I had some issues with my Macbook, and I used Time Machine to recover a version of usr/bin. Unfortunately, somewhere along the process, usr/bin/sudo was removed.

Now, even if I want to recover usr/bin/sudo from a past backup, I won't have permission to write to user/bin.

How can I fix problem? I already spent a day trying to fix it.


I only have issue with usr/bin/sudo. I even have recovered version of it in another directory. I just can't write to usr/bin because I don't have right to write. So I hope I can restart my Mac in some special mode to be able to write to this directory.

  • Any information you can give regarding what was changed using Time Machine would be helpful. For example, was /usr/bin/sudo moved or renamed at some point or was it just deleted? Oct 2 '13 at 19:28
  • @JoelTaylor: does it matter? the sudo-binary is disfunctional, OP wants it back.
    – akira
    Oct 2 '13 at 19:30
  • If adamYNC, at some point, followed a process similar to forums.macrumors.com/showthread.php?t=1625829 /usr/bin/sudo could be somewhere else and it would just be a matter of executing the renamed binary. Oct 2 '13 at 19:33
  • If you don't have sudo you might still be able to start a new shell as root, like su bash. Oct 2 '13 at 19:51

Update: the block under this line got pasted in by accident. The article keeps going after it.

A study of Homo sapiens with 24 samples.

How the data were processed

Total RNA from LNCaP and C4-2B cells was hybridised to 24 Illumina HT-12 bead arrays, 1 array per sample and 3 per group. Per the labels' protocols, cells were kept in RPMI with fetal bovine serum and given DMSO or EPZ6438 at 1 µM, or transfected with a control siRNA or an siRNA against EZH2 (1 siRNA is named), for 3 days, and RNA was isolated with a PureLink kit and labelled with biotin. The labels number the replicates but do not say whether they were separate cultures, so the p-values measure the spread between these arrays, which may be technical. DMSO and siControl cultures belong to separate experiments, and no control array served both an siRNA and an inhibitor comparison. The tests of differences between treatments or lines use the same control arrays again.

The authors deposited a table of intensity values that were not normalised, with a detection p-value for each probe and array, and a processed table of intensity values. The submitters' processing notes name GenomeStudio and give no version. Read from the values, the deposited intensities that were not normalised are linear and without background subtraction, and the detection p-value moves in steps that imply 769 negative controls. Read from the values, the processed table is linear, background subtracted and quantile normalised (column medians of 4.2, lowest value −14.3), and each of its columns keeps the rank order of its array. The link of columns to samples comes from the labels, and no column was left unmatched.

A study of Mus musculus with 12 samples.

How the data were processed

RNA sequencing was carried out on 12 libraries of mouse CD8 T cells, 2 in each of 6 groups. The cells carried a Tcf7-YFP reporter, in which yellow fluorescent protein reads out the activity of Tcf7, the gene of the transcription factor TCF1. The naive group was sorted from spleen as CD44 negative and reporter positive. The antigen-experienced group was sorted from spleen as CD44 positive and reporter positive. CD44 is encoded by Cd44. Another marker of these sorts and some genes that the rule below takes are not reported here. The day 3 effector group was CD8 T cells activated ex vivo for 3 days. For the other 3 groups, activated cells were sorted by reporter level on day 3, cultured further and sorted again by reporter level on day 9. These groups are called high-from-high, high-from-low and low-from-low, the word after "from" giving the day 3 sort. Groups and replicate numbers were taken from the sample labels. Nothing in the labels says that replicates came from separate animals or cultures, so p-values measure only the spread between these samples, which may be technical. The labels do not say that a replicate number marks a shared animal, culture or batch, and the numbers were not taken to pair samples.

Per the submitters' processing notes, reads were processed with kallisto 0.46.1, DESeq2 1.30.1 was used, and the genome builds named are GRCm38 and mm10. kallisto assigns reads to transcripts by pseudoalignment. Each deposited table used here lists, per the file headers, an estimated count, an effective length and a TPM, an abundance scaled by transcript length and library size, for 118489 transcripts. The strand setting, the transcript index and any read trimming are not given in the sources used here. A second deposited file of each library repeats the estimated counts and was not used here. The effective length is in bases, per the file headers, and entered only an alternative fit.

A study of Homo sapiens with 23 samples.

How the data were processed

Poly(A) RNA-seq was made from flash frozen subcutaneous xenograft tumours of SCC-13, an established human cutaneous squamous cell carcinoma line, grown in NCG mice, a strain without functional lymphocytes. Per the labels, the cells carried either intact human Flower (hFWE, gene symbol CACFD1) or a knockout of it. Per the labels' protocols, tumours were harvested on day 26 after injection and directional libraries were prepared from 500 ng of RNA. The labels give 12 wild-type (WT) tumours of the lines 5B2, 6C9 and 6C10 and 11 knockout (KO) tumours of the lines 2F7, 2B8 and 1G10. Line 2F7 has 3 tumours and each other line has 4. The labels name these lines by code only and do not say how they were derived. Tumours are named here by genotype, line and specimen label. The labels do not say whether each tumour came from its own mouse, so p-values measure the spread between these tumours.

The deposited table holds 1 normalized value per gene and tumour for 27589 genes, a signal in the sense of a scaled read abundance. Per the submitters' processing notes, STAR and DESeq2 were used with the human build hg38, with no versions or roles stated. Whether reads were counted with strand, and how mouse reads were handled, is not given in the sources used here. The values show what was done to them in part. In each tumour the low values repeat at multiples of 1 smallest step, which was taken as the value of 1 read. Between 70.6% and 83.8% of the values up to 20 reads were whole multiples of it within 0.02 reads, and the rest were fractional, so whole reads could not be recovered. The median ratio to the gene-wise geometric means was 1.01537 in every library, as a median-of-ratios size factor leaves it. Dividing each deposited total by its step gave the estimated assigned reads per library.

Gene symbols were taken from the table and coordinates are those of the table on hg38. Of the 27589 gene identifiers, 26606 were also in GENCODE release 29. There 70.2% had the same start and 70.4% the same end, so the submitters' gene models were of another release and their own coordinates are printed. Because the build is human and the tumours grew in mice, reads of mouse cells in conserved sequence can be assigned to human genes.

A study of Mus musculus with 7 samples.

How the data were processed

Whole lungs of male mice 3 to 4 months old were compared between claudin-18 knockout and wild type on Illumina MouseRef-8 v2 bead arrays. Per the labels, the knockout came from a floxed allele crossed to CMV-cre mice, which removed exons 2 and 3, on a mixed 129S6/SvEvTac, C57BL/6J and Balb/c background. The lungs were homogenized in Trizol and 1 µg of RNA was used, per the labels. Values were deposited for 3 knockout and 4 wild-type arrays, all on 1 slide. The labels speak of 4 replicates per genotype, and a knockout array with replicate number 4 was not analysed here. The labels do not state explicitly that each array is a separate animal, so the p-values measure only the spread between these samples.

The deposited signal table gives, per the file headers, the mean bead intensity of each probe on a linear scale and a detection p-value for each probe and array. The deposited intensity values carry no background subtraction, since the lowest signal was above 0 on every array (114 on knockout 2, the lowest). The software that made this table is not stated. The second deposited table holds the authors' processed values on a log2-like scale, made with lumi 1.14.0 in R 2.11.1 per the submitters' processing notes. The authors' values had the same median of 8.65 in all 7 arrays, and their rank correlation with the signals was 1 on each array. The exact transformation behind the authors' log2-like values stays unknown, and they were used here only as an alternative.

• @OliverSalzburg That won't work unfortunately.. you'd have to use sudo su. Using su alone is not possible as there's no root account.
    – slhck
    Oct 2 '13 at 19:54

Reinstall the system. Sure, it's time-consuming, but it would take less time than you've already spent.

If it's not a MacBook Air and If you have another Mac (which is also not a Macbook Air) and a Firewire cable to link them, you could start it up in target disk mode and work on it from another machine. If you don't have those things, see above - The advice was offered based on a good deal of pragmatic practical experience...you can easily spend more time getting all that together than you'd spend reinstalling.

  • I've voted this up because it's a good enough answer, but it also reminds me that one can boot off a DVD or recovery partition, which may contain a valid version of sudo that can be copied over.
    – user3463
    Oct 2 '13 at 21:58
  • 1
    Given that /usr/bin was already corrupted or had things deleted enough to need recovery, and then that went "mysteriously wrong" and ate sudo, wholesale is not a bad option, IMHO.
    – Ecnerwal
    Oct 3 '13 at 1:49

Can't you just use Finder to copy the sudo binary from a backup? It should keep the owner as root, and authenticating as a superuser in Finder does not require /usr/bin/sudo to exist.

If others who get here from seach engines don't have a sudo binary, you can download an OS X installer application from App Store and use Pacifist to extract the binary. Doing an upgrade install of OS X or upgrading to a new major version of OS X also restores files like /usr/bin/sudo.